Archive for Wednesday, December 18, 2002

Drought of 2002 likely to continue

December 18, 2002


— Drought was a major weather story in the United States this year, and dryness is expected to persist in the Northwest at least through spring.

For the record, 2002 is on course to becoming the 19th warmest year in the United States since record keeping began in 1895. Those above-normal readings, combined with lack of moisture across much of the nation, plunged more than half the country into drought by summer.

Drought damage already has cost hundreds of millions of dollars, the National Oceanic and Atmospheric Administration said Tuesday.

This year also recorded seven tropical storms that made landfall, which helped produce the wettest fall on record in Louisiana and contributed to heavy flooding in Texas.

Those storms had a positive side as well. They eased the drought in the Gulf Coast and Southeast, so that by the end of November the portion of the nation in drought conditions was down to 36 percent.

The most extensive drought on record in the United States was in July 1934, when 80 percent of the country was parched.

This year, drought that began more than four years ago in some parts of Montana forced farmers to abandon more than 20 percent of the winter wheat crop for a second consecutive year.

The dry conditions also contributed to an extremely active wildfire season that included the largest fires of the past century in Colorado, Arizona and Oregon.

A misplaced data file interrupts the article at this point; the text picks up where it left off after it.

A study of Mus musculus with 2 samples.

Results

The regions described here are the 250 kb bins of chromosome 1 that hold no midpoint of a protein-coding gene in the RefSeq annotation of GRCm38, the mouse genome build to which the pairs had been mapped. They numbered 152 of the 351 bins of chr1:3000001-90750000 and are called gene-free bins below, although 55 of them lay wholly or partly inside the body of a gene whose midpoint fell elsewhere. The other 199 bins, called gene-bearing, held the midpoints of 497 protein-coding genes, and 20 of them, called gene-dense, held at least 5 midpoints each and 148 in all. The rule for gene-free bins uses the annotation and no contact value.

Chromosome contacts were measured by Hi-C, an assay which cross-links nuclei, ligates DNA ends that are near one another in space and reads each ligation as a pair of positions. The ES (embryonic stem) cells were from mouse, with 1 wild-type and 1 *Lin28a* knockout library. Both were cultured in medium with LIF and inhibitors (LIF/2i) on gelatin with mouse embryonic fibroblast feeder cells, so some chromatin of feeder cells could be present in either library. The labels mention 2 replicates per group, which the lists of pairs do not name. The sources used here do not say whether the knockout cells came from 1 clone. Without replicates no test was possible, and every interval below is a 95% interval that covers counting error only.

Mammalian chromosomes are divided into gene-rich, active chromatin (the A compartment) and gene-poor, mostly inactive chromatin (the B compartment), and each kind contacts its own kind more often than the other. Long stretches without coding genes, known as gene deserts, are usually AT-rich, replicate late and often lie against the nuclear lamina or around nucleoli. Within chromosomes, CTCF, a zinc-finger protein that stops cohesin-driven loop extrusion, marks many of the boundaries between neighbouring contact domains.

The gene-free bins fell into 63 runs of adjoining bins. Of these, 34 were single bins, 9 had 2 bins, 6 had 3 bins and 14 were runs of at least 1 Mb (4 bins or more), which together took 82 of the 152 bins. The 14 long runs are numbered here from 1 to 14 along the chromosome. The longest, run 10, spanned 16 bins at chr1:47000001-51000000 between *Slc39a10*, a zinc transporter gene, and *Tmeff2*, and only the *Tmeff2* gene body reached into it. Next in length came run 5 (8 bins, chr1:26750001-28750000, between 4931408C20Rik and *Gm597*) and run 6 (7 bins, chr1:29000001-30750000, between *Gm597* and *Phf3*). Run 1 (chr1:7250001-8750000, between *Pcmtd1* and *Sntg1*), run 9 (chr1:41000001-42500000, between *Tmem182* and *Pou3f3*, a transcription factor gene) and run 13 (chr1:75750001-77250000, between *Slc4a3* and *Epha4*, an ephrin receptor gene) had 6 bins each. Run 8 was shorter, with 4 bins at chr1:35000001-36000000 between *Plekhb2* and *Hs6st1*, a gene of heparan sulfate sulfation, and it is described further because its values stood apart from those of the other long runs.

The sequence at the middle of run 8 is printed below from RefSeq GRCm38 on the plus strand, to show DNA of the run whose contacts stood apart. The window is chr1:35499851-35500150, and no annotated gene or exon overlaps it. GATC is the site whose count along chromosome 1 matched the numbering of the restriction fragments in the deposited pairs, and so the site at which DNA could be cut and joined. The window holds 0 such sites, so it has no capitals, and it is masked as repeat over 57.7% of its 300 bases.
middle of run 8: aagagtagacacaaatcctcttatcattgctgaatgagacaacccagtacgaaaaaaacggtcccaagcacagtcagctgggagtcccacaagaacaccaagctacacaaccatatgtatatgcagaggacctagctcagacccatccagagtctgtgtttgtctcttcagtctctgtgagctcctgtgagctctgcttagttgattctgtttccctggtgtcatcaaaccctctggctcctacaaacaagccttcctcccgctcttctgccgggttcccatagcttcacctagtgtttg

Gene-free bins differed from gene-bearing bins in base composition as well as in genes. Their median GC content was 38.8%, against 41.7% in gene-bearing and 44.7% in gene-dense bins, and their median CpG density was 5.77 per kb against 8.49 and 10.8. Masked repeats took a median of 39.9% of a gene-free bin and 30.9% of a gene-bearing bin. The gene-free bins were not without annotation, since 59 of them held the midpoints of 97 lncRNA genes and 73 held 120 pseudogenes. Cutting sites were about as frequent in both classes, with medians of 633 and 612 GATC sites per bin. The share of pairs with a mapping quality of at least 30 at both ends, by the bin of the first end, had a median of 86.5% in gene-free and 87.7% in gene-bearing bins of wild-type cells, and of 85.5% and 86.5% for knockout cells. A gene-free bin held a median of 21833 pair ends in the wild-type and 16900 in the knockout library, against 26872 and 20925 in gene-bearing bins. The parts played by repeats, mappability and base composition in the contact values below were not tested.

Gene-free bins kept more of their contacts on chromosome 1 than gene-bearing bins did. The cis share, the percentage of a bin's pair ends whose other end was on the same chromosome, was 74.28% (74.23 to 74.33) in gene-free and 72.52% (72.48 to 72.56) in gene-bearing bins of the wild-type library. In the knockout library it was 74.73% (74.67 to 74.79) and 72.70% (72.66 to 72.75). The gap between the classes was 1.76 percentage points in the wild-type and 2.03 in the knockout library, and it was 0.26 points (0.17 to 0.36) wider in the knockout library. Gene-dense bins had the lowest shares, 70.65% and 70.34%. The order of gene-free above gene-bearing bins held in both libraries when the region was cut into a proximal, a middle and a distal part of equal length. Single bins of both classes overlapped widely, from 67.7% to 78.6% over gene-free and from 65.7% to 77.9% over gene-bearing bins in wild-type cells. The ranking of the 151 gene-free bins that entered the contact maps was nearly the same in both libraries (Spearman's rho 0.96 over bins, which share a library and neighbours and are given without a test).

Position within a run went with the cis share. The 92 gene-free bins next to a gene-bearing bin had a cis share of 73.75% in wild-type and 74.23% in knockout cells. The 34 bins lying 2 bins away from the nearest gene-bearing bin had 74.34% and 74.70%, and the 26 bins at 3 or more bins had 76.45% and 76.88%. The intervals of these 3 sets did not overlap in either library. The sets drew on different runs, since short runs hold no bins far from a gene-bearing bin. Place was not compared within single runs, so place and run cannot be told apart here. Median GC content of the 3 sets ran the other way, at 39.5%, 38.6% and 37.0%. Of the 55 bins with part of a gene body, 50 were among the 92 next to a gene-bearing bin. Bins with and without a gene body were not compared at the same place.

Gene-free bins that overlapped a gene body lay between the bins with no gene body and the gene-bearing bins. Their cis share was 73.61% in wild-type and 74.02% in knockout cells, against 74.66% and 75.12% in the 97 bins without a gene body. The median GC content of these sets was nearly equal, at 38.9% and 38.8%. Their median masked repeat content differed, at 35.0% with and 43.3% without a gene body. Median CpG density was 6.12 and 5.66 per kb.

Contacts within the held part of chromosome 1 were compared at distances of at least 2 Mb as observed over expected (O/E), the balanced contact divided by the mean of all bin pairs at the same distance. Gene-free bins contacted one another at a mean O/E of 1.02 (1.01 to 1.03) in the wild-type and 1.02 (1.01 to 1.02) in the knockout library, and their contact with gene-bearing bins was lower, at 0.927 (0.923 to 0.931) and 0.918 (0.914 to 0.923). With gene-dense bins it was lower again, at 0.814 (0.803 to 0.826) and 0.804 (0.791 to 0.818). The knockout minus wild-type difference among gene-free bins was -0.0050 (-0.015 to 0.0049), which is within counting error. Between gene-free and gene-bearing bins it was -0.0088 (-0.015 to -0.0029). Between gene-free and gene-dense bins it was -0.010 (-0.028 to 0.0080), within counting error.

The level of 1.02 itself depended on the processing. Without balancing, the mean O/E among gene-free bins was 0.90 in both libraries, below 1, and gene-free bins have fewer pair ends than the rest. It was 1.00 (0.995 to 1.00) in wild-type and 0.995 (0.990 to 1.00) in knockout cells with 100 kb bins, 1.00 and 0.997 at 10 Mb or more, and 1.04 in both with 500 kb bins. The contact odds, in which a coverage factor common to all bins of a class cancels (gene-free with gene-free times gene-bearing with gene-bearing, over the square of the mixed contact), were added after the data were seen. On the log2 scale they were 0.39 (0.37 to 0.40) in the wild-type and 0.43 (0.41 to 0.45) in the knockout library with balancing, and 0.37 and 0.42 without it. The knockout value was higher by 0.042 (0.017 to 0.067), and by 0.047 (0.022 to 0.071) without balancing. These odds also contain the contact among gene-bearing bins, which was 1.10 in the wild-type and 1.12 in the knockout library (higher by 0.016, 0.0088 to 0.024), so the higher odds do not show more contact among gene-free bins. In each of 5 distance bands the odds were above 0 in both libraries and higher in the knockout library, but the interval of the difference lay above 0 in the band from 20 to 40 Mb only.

No relief was in sight for the dry Northwest, where the El Niño pattern in the Pacific Ocean was directing moisture away from the normally damp region. Storms blamed at least in part on El Niño were battering California and directed wetness across the southern half of the country, bringing crippling snow and ice to North Carolina in recent weeks.

El Niño, a periodic warming of water in the equatorial Pacific, can affect weather around the world and has directed storms this winter along a track across the southern part of the country, helping ease the drought there.

James Laver of the federal Climate Prediction Center said he expected El Niño would continue through the spring.

Under that pattern, forecasters say, the nation can expect warmer-than-normal temperatures across the northern half of the country, wetter- and stormier-than-normal weather across the south from California through the Carolinas, and drier-than-normal conditions in the northern Rockies and Midwest.